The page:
Minneapolis will begin licensing rental units in condominiums and townhomes, giving it more leverage to deal with conduct problems, a city licensing official said.
In a related issue, the city proposes registration fee changes for condo and townhome associations and leasehold cooperatives, a plan that has drawn the ire of Downtown City Councilmember Lisa Goodman (7th Ward), who represents a number of condo and townhome owners.
The city historically registered rental units in condo and townhome associations but did
not license them like apartments, said Janine
Atchison, district supervisor with Housing Inspection Services.
The change means the city will inspect condo and townhome rental units and subject them to city licensing codes, she said. For instance, if a rented condo or townhome unit has chronic problems with loud parties or drug-related problems, licensing staff could force the owner to address the problem or lose the license.
"We heard a strong message from condo and townhome associations -- they don't feel like they have a lot of control over rental units within their buildings when there are conduct issues," Atchison said.
The City Council voted 12-0 Dec. 29 to license condo and townhome rentals.
Goodman supports the licensing measure, she said. However, she also opposes registration fee increases.
Registration gives the city the names of responsible parties to contact to fix code violations, such as a fence problem or subpar siding, Atchison said.
City registration fees are $20 a year for condominiums or townhomes of five units or fewer; $35 for buildings with six to 15 units; $50 for buildings with 16 to 50 units and $100 for buildings with more than 50 units.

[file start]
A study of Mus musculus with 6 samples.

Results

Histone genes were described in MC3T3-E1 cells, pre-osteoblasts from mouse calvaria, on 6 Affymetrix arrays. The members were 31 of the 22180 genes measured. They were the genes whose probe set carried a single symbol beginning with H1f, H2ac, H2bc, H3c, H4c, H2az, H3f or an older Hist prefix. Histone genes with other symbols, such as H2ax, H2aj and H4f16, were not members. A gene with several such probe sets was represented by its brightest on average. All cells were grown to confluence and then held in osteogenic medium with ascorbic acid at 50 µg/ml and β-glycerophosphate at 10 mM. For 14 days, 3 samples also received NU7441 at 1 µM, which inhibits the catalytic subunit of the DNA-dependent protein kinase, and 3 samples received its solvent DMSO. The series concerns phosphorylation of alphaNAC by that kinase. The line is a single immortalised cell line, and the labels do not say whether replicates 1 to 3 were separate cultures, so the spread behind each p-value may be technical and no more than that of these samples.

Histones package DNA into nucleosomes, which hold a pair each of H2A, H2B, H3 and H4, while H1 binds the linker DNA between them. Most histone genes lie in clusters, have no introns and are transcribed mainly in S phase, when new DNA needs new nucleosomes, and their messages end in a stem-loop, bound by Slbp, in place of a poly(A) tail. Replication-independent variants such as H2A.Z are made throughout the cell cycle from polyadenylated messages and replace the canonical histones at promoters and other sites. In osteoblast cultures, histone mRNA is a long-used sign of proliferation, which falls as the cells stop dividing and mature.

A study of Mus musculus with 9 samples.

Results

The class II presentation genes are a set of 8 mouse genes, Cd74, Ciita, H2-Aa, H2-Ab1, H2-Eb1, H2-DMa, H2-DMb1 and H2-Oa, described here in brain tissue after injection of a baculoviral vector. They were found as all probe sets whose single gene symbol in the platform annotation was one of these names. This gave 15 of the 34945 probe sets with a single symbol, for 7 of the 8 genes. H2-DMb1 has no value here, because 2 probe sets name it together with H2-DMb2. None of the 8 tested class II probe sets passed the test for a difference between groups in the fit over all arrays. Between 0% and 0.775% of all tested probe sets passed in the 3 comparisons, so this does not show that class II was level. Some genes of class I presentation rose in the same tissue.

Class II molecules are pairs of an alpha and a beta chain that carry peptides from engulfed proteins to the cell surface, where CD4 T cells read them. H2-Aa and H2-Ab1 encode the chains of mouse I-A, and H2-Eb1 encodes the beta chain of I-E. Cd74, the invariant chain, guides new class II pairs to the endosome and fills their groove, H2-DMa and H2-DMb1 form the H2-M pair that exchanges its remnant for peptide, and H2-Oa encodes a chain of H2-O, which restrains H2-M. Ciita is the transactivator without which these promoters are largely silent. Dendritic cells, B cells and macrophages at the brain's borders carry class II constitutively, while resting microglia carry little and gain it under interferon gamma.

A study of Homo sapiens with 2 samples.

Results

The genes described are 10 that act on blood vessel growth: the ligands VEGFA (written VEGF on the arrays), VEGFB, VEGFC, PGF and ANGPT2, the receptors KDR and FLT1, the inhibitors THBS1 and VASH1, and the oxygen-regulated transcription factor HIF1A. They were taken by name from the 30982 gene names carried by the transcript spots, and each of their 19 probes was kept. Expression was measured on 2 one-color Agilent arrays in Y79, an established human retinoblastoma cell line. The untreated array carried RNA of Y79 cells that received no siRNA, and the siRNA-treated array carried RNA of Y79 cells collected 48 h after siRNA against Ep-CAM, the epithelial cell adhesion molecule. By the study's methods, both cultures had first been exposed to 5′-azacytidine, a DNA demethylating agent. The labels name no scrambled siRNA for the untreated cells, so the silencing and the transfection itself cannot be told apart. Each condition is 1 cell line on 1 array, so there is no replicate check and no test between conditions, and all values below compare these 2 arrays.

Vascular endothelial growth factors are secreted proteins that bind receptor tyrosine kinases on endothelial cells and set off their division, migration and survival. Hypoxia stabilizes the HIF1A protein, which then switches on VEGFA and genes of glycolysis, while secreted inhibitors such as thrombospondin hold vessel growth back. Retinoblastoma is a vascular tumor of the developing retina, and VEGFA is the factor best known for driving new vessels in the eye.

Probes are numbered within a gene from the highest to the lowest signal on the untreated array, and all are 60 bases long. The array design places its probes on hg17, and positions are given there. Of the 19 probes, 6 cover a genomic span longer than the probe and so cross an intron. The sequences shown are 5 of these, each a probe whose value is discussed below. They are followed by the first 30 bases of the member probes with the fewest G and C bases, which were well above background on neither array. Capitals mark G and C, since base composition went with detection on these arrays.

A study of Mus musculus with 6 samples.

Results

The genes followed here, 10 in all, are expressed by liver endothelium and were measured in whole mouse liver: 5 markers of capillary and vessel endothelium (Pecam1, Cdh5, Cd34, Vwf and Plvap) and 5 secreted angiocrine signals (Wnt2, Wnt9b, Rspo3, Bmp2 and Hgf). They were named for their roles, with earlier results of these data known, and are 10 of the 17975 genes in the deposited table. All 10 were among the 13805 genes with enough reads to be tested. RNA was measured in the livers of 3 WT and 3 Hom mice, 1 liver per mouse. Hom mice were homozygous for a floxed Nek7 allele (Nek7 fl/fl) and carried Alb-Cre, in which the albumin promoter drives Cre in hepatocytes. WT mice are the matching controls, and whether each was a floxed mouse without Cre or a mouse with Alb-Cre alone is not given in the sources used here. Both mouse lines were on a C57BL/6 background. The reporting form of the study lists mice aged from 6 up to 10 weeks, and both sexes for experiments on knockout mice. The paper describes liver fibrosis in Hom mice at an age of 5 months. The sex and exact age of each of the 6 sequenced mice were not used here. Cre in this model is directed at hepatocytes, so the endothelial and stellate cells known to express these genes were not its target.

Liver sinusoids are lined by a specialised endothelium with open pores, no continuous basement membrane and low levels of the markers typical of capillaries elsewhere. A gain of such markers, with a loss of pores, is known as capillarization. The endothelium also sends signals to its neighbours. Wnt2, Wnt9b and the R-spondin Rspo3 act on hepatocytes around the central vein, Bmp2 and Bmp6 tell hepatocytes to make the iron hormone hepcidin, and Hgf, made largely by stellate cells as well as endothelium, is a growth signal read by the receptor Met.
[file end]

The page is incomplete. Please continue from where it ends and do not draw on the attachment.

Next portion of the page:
Councilmember Dan Niziolek (10th Ward), chair of the Public Safety and Regulatory Services Committee, proposes a fee increase of $15 to $25 per category, so the city would charge from $35 to $125, depending on the size of the building.
Atchison said condo and townhome associations have registered with the city since the mid-1970s. According to a city memo, the fees have not been increased since then, and Niziolek said the increases reflected the program's cost.
Goodman said the city can't justify charging any fee for the service -- which she said amounts to typing a few names into a computer -- let alone an increase.
Atchison said between the higher registration fees and new licensing, the city would break even. A new registration fee structure would fix a disparity that has meant townhomes pay more than condos. The city charges by the building, not by the unit, so a 48-unit, eight-building townhome currently pays $280 in registration fees, while a 48-unit, single-building condo pays $50.
The city would now charge by the unit, Atchison said. A 48-unit townhome or condo would pay $75. Condos would pay more than they do now, and townhomes less.
Goodman argues that higher condo charges aren't justified.
"Under state law, as it pertains to fees, there has to be a direct correlation between the fee assessed and the service rendered," she said. "I don't see any additional service rendered here. ... This is about how do you bilk the public for more money."
Atchison referred state law questions to Assistant City Attorney Henry Reimer.
Reimer said city fees have to be roughly proportionate to the cost of regulation.
"It doesn't have to be exact," said Reimer, who did not draft the fee change ordinance. There is no formula or real scientific look at it. It just has to be reasonable."
The Public Safety and Regulatory Services Committee will discuss the issue Feb. 4.